The New Deal


In 1932 Franklin Delano Roosevelt was elected overwhelmingly on a campaign promising a New Deal for the American people. Roosevelt worked quickly upon his election to deliver the New Deal, an unprecedented number of reforms addressing the catastrophic effects of the Great Depression. Unlike his predecessor, Herbert Hoover, who felt that the public should support the government and not the other way around, Roosevelt felt it was the federal government’s duty to help the American people weather these bad times.

Together with his “brain trust,” a group of university scholars and liberal theorists, Roosevelt sought the best course of action for the struggling nation. A desperate Congress gave him carte blanche and rubber-stamped his proposals in order to expedite the reforms. During the first 100 days of his presidency, a never-ending stream of bills was passed, to relieve poverty, reduce unemployment, and speed economic recovery.

His first act as president was to declare a four-day bank holiday, during which time Congress drafted the Emergency Banking Bill of 1933, which stabilized the banking system and restored the public’s faith in the banking industry by putting the federal government behind it. Three months later, he signed the Glass-Steagall Act which created the FDIC, federally insuring deposits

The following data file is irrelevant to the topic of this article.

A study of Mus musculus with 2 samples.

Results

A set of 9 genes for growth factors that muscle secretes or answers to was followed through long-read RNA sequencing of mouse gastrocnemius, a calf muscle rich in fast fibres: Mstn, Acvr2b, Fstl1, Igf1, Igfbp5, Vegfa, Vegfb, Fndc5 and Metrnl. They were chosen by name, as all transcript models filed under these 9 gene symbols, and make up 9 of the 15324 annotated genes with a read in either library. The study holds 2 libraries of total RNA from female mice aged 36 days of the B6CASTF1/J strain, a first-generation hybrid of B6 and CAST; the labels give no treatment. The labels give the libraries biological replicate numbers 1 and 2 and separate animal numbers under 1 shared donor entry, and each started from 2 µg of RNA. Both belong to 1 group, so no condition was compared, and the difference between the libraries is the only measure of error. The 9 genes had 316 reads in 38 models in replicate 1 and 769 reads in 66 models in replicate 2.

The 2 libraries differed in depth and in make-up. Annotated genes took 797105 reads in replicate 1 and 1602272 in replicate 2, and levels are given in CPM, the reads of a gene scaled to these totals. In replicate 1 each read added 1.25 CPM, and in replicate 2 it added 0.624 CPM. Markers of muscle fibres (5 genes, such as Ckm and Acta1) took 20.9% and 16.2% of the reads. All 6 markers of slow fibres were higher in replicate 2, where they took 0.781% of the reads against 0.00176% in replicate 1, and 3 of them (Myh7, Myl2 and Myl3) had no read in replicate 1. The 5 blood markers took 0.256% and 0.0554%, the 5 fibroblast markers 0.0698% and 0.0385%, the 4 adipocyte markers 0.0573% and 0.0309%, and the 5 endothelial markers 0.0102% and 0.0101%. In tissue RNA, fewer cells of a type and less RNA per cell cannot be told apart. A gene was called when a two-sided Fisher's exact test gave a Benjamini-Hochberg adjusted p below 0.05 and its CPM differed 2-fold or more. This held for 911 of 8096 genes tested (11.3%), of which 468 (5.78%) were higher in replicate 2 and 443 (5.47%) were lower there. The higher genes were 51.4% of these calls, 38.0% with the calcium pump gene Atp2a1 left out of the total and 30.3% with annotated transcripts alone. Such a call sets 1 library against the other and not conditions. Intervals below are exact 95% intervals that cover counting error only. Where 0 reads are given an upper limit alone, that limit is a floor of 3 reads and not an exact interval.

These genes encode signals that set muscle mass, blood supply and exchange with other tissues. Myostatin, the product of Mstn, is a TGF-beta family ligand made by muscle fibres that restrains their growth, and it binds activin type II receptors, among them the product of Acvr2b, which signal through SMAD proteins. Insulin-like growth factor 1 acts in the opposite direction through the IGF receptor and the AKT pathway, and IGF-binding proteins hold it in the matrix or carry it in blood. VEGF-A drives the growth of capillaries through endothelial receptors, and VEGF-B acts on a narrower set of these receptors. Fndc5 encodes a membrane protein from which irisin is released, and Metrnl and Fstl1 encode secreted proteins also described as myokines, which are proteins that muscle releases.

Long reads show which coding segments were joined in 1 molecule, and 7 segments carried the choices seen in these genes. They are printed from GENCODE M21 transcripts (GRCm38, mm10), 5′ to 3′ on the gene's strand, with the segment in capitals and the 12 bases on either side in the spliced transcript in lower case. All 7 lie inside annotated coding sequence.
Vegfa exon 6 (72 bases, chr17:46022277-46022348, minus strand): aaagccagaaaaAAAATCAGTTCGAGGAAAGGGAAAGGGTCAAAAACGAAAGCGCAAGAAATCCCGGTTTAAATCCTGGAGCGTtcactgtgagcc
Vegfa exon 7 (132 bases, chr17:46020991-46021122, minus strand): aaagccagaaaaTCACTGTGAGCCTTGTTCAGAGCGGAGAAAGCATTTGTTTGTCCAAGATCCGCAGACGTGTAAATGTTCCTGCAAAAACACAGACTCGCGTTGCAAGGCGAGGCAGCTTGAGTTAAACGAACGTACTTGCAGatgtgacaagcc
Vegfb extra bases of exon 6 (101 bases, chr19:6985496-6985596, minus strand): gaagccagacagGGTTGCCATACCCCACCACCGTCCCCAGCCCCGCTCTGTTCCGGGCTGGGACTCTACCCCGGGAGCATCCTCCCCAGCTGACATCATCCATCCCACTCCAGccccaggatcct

The Civil Conservation Corps was one of the New Deal’s most successful programs. It addressed the pressing problem of unemployment by sending 3 million single men from age 17 to 23 to the nations’ forests to work. Living in camps in the forests, the men dug ditches, built reservoirs and planted trees. The men, all volunteers, were paid $30 a month, with two thirds being sent home. The Works Progress Administration, Roosevelt’s major work relief program, would employ more than 8.5 million people to build bridges, roads, public buildings, parks and airports.

The National Industrial Recovery Act (NIRA) and the National Recovery Administration (NRA) were designed to address unemployment by regulating the number of hours worked per week and banning child labor. The Federal Emergency Relief Administration (FERA), created in 1933, gave $3 billion to states for work relief programs. The Agricultural Adjustment Act subsidized farmers for reducing crops and provided loans for farmers facing bankruptcy. The Home Owners’ Loan Corporation (HOLC) helped people save their homes from foreclosure.

While they did not end the Depression, the New Deal’s experimental programs helped the American people immeasurably by taking care of their basic needs and giving them the dignity of work and hope.